Russia will not escape a general economic recession due to the coronavirus pandemic and now our country is hit by three economic shocks, Deputy Chairman of the Russian Security Council Dmitry Medvedev said in his article published in the magazine "Russia in Global Affairs."
"According to the Ministry of Economic Development, the country’s GDP will fall by 5% in 2020, real incomes are expected to drop by 3.8% and unemployment to rise to 5.7% , the highest in the past nine years. Today, our country is hit by three economic shocks," Medvedev wrote.
"First, the falling global oil prices. This is the biggest shock, since the domestic economy remains dependent on hydrocarbon exports. However, over the past 20 years, Russia has withstood such blows three times, in the late 1990s, in 2008 ̶ 2009 and in 2014 ̶ 2015, meaning that it isn’t difficult to assess the impact of this shock on the economy and pinpoint the most effective measures to alleviate its ramifications," he noted.
The second, internal, shock was the result of the regulatory decisions by the state trying to slow down the spread of the coronavirus infection.
"On the face of it, it is reminiscent of the situation in the early 1990s, when individual economic agents dropped out of the economic process, thus severing existing ties. But this comparison works only partly, to say the least. The current problems in the real sector of the economy, the labour market, the social sphere and the banking sector are unprecedented in their nature, and standard approaches to analysing economic and financial crises are not applicable here," the Deputy Chairman of the Russian Security Council stressed.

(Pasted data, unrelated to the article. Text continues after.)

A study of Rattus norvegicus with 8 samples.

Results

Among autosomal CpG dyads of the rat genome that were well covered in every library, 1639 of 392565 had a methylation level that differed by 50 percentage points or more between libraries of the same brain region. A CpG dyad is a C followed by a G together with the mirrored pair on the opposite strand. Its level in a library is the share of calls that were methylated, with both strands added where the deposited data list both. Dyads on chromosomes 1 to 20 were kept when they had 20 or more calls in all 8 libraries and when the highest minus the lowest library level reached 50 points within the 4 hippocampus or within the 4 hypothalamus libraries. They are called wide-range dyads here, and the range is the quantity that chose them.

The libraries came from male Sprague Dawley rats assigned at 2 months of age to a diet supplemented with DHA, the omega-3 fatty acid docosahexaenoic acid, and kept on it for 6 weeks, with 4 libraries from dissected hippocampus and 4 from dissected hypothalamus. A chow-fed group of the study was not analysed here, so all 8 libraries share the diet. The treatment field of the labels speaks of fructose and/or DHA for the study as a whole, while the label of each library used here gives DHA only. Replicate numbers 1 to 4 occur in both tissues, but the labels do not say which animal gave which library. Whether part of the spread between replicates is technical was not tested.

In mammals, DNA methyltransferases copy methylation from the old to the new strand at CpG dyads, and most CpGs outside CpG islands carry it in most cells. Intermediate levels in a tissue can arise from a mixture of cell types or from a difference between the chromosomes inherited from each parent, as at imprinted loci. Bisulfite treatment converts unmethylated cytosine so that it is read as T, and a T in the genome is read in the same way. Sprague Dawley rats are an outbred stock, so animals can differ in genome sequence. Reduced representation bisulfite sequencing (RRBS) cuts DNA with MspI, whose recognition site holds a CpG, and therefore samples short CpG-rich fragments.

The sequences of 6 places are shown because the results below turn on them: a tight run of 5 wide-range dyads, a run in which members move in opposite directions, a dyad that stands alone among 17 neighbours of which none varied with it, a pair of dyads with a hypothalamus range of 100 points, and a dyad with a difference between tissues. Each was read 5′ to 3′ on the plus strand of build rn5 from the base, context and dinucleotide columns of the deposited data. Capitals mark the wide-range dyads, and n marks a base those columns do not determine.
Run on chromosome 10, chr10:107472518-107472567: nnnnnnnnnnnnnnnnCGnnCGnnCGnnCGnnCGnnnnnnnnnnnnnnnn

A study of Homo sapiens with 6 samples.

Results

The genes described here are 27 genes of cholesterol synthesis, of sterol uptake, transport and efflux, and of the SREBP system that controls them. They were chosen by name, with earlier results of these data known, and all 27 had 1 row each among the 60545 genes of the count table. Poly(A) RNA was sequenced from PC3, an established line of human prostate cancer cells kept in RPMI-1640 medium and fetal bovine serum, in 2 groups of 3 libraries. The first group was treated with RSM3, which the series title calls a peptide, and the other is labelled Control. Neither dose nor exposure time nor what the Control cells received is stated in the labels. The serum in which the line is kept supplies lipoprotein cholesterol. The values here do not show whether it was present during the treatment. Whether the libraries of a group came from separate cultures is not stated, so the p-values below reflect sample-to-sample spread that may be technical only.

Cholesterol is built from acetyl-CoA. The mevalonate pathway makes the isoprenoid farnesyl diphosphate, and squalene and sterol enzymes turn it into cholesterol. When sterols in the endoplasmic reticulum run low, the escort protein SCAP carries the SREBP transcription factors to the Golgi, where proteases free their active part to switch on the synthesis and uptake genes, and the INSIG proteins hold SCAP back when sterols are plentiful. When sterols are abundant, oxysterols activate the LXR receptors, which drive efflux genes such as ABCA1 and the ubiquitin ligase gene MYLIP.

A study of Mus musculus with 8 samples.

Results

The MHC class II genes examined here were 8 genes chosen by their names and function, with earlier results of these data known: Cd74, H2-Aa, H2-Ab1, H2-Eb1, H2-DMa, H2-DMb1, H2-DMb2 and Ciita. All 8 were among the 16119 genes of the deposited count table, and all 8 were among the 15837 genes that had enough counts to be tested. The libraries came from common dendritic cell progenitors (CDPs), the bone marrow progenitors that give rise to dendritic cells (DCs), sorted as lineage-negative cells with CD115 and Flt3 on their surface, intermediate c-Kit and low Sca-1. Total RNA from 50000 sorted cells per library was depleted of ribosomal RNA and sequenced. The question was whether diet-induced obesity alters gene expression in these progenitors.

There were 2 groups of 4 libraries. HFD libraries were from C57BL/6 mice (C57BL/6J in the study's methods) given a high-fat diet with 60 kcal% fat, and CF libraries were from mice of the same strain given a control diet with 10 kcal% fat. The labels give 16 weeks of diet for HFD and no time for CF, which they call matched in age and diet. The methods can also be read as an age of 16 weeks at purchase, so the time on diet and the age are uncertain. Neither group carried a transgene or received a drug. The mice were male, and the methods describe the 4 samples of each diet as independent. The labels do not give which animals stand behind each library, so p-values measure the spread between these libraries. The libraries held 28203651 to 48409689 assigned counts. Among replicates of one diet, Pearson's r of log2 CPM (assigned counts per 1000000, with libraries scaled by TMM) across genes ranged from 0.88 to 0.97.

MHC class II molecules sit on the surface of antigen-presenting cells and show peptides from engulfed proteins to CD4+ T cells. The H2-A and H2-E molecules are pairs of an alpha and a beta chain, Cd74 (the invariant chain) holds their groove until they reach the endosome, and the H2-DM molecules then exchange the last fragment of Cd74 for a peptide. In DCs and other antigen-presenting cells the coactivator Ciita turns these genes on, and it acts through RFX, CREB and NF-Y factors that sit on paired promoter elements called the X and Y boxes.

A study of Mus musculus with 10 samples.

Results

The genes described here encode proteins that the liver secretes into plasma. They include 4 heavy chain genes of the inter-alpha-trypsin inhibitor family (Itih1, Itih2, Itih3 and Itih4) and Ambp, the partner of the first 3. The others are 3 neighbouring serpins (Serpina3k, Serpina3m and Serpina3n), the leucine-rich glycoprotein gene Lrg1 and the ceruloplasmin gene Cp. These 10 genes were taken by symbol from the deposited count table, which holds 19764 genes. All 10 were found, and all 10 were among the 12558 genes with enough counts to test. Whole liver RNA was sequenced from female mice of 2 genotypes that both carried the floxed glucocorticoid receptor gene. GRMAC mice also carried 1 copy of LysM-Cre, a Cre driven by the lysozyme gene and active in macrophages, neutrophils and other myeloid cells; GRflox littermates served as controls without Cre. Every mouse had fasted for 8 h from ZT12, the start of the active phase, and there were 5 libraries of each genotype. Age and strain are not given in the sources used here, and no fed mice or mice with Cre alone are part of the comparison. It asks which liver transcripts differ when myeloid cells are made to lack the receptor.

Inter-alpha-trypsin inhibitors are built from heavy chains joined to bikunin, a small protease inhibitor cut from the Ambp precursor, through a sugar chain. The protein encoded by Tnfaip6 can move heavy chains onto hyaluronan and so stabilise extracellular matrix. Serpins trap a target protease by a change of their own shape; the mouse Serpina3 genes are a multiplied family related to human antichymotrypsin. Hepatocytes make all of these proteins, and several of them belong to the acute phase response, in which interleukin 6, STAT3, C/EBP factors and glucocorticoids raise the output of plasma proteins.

"The closing of businesses cannot be explained by poor competitiveness of the companies or the goods. After all, their closing was primarily caused by non-economic decisions. Moreover, under quarantine, maximum restrictions apply to the service sector, where production chains are normally straightforward and short (small businesses and service sector)," he believes.
According to him, the recession may be limited to the period of the regulatory decisions, and economic recovery will begin fairly quickly, unless, of course, new waves of the epidemic lead to another round of forced restrictions.
The third shock is associated with the declining international demand for a wide range of domestic goods due to a slowdown in the global economy.
"A similar situation was observed in 2008–2009 during the global financial and economic crisis. The scale of the current decline in Russia’s exports can be seen if you compare them with that period. Therefore, the duration of this fall may be limited to the duration of strict quarantine measures, after which the demand will recover. Here, too, there’s a threat of a new outbreak of the pandemic, which can inflict a debilitating blow to the global economy," Medvedev concluded.